How “Customer Experience” Affects Company Success
Advisors putting their customers interests ahead of their own – how’s that for a marketing strategy? Pretty good, actually. That’s the kind of “big picture” marketing that produces ROI, though it’s not as easily measured as the leads generated by a direct mail offer.
That’s probably why companies and marketers under pressure to grab more and more leads (and more after that) prefer the easy calculation route. After all, short-term gain is easier to prioritize than steady efforts that pay over the long term. But that long term figures in whether you count on it or not. Take notice.
Consider: A 2014 Customer Experience ROI Study found that the top ten public companies that were “customer experience leaders” earned a 77.7% cumulative total return over seven years compared to bottom ten “laggards” that got a -2.5% return. Less than zero? We’re talking laggard.
But what does “prioritize the customer” look like for top contractors? This isn’t rocket science. It means thinking like they’re thinking. Do you like to be uncomfortable and pay exorbitant energy bills to keep running equipment that is unreliable? Guessing not. Do you like prompt service, full guarantees, resolved complaints, ease of buying? Guessing so.
Figuring out what customers “want” is the genesis of “same-day service,” plus all the other ways you build value that separates you from laggard-like competitors. For example, these other big-name companies prioritize customers in ways that fit their value propositions:
- Something goes wrong with a product sold at Costco? Members are the first to know. The retailer is proactive about product recall alerts.
- If an Amazon customer is about to buy the same book for the second time, they have a technological way of asking, “Are you sure?” Thus, they alert customers if they’re about to make a duplicate purchase.
- The outerwear company L.L. Bean has a “no-questions-asked” return policy for duck boots that aren’t holding up – up to a year after purchase.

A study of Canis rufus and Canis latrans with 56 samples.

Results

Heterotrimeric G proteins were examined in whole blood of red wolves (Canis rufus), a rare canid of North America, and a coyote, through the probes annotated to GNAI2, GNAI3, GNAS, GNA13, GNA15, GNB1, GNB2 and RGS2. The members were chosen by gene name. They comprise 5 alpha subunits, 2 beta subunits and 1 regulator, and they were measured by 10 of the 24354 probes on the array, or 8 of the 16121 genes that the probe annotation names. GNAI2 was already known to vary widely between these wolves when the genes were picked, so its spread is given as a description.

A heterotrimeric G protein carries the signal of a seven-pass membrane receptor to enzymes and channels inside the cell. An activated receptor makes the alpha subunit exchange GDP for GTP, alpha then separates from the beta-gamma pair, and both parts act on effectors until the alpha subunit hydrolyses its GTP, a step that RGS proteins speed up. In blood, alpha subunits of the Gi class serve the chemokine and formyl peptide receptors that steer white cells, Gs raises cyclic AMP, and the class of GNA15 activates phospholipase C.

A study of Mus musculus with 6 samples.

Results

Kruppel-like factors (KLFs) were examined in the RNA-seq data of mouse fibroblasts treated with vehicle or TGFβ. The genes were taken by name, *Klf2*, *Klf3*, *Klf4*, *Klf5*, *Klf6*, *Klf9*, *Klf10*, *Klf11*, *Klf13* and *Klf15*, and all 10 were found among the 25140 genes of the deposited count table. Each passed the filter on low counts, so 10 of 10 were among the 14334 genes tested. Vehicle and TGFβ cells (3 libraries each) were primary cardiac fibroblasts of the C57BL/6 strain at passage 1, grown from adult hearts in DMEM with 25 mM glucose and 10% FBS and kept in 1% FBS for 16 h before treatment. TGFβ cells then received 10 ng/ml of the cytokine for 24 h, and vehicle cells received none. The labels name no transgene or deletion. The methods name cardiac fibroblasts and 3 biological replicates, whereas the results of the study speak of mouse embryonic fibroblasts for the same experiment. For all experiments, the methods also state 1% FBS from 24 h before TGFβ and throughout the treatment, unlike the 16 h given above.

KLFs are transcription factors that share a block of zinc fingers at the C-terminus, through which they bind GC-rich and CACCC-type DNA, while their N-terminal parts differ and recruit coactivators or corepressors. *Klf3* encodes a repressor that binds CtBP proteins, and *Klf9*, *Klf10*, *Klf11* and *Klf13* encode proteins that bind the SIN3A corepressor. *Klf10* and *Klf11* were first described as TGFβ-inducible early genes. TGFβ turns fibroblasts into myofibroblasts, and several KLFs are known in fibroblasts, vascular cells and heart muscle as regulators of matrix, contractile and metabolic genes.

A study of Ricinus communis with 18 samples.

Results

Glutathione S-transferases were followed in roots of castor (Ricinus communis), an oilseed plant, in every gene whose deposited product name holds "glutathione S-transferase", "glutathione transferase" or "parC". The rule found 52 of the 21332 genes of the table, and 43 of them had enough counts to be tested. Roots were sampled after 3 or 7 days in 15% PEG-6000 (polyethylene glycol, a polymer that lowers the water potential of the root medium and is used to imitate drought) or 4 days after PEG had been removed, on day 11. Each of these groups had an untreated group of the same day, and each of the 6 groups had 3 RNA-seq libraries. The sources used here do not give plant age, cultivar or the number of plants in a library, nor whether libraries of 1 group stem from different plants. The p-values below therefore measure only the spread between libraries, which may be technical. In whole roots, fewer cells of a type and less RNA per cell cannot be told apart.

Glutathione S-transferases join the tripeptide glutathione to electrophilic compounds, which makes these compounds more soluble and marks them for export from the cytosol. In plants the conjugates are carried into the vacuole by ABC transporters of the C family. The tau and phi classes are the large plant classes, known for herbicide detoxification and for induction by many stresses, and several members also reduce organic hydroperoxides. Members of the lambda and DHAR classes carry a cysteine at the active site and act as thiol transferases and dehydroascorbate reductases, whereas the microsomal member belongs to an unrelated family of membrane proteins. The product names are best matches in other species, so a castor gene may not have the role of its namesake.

It all makes sense when you recognize that Costco promotes member value; Amazon is tech savvy; L.L. Bean is all about quality. The other common thread is that the expectation of a great customer experience is built by marketing and delivered by your team. In other words, it’s not enough for the copy to say “built to last,” the company culture has to deliver through personal interactions.
The equipment and products you provide are similar to your competitors. But your above-par service and customer experience is where you can leave any similarities behind. And that’s how you move from being a provider of products and services to becoming seen as a trusted advisor for the home.
What do your customers want? Pretty much what you want – quality, value, integrity, reliability, plus some extra-special touches that make them say wow. That’s the kind of success you want them to enjoy.
Take note of the customer experience through all parts of the customer’s journey. Starting with initial consideration, your prospect becomes generally aware of you, your company and your reputation. Next, it’s active evaluation (checking reviews, asking friends, calling for estimates). After, it’s the moment of purchase and what they see when you’re in the home providing installation, service, repairs and upgrades.
Then you leave, and their experience continues post-purchase as their new equipment performs as promised, your follow-through and guarantees keep them confident and your customer retention program informs future buying decisions. That leads to customer loyalty. When customers are buying more often, for higher transaction values and generating referrals – that’s an ROI that always measures up.